Do you think today’s students are prepared to join the workforce? Tell us why or why not.
We need your help keeping this conversation going. We want to publish your letters, but they must include your first and last name, city you live in, a daytime phone number, and be limited to 250 words or less.
E-mail: ajournal@goldcountry media.com.
Mail letters: P.O. Box 5910, Auburn Journal Auburn, CA 95604
Drop off: 1030 High Street
Fax: (530) 887-1231
Our local students are shining brightly and deserve to be recognized.
And we’re not just talking about the multitude of stand-out athletes in the foothills.
Two groups of students – one from E.V. Cain Charter Middle School and the other from Rock Creek School – have excelled in recent critical thinking and science competitions. The students’ success is good proof that we have strong local schools that are working hard and well to prepare the next generation’s workforce.
Parents should take these results as a vote of confidence in the quality of public education in Auburn and educators should continue to strengthen and offer these types of programs and opportunities to students.
In April, six E.V. Cain students will take their science projects to the California State Science Fair in Los Angeles.
The students earned the trip after competing in the Sacramento Regional Science and Engineering Fair against 200 other middle school students from nine Northern California counties.
The projects are worthy, yet it’s the skills students learn while doing them that are more important.
“There are so many different modalities that are addressed, ranging from researching, finding information, becoming experts on a topic, typing and computer skills, graphic design, oral presentations, critical thinking, being able to support their thinking orally with a judge,” E.V. Cain science teacher Don Scott told the Journal. “And also, I think, they’re working on a higher level then they’ve ever had to work at before, and I think when they come out of it, they feel a lot more confidence, and they’re able to go onto any other projects down the road in school and be very successful.”
In a different competition, sixth graders from E.V. Cain, sixth graders from Rock Creek School and one from Bowman Charter School will test their critical thinking, imaginations and ability to strategize at “Destination ImagiNation” state finals this weekend.
To make it to the finals, the team from E.V. Cain placed first in one of seven regional competitions and the team from Rock Creek and Bowman placed third in the same event.
The success of Rock Creek students is especially notable as 91 percent of that school’s population qualifies for free or reduced lunch.
Often the tale of schools with students coming from low-income households can be a sad one of low test scores and poor performance.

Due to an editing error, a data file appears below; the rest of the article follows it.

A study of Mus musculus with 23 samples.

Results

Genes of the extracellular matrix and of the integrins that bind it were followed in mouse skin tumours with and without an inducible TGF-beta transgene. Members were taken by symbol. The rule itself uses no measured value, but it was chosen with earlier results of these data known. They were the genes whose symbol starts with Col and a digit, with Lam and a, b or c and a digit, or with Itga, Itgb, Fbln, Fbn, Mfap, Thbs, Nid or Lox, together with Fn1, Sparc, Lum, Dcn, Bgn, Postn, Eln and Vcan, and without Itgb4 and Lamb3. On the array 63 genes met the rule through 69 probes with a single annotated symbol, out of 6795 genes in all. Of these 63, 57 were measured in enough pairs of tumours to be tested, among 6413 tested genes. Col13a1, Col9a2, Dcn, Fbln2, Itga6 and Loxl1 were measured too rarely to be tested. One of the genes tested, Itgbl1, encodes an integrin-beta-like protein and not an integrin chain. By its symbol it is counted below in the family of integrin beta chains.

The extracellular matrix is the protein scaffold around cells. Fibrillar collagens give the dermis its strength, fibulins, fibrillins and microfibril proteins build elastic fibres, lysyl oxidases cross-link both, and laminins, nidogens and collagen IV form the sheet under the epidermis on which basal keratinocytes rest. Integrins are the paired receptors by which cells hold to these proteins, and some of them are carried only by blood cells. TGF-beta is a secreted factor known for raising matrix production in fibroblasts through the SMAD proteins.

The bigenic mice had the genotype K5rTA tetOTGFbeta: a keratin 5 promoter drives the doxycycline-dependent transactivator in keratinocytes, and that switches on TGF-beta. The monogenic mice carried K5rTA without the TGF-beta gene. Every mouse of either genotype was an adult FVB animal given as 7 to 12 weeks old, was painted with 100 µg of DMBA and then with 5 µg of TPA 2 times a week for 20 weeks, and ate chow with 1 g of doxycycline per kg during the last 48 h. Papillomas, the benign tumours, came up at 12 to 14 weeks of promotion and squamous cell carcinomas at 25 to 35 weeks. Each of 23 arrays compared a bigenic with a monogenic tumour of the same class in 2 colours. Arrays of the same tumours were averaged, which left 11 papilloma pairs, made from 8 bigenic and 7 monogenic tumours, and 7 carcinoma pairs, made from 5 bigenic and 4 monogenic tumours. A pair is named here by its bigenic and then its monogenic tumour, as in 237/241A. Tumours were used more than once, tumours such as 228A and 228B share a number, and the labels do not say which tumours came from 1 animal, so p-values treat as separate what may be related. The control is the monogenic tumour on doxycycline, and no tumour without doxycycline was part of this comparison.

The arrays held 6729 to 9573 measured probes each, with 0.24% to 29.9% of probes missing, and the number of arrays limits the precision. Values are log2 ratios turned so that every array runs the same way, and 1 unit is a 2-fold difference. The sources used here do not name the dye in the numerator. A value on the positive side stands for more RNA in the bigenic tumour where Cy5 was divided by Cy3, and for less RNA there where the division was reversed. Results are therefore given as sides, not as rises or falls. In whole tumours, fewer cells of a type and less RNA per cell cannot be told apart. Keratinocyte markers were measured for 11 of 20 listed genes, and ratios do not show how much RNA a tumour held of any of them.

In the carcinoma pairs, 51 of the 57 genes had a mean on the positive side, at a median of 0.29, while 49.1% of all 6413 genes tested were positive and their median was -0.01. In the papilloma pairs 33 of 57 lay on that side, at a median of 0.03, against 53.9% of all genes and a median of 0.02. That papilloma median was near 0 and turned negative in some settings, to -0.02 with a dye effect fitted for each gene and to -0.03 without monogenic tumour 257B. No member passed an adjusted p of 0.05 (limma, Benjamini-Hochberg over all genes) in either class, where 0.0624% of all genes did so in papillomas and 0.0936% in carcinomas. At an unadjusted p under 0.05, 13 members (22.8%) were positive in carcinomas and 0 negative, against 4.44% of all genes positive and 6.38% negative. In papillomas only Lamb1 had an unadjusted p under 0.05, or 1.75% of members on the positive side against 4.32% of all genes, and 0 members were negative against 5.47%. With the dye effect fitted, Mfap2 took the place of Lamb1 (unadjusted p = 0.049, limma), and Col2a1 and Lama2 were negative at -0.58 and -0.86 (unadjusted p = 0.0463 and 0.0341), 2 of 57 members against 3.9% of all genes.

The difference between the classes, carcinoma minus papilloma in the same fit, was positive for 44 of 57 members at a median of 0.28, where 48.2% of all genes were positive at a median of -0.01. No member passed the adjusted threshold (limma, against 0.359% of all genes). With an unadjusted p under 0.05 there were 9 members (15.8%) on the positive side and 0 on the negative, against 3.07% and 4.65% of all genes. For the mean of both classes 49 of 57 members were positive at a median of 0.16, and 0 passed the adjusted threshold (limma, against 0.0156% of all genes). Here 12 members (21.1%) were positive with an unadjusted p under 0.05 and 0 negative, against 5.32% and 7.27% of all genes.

Rock Creek is dispelling that notion about their school through education that promotes and develops critical thinking skills that are helping students compete well and succeed among their peers in competitions such as “Destination ImagiNation.”
The effort to encourage young elementary and middle school students toward these kinds of competitions is in line with future planning in higher education locally.
Sierra College met with 40 teachers from Placer and Nevada counties last month to talk about the school’s new Applied Critical Thinking for Advanced Technological Education (ACTivATE) program.
The program wants teachers to focus on creativity and innovation, critical thinking and communication, problem solving, flexibility and adaptability, taking initiative and self direction, and technical mathematics.
The college came up with the program after listening to regional employers and what type of skills their looking for in the upcoming workforce.
“Over and over again, we hear that they need employees that can problem solve, they can think critically, they can work independently, they can communicate effectively … so what we decided to do was pay attention to that,” said Carol Pepper-Kittredge, director of the Center for Applied Competitive Technologies at Sierra College. “It’s not a one-shot deal. It’s really a coming together of high school and college faculty as a learning community, as a work group, and really working together over the next 12 months to come up with some very customized pieces that will very directly effect what they teach and how they teach it.”
It’s great to see that Auburn’s schools are already teaching those skills and with success. Educators should continue supporting and encouraging students to participate in critical thinking competitions.
Our elementary, middle and high school educators should also be encouraged to work with Sierra College and its new program to realize its goals for all students in our district.
We’re already on the path to creating a strong workforce from the foothills and we should continue on it with even more energy than before.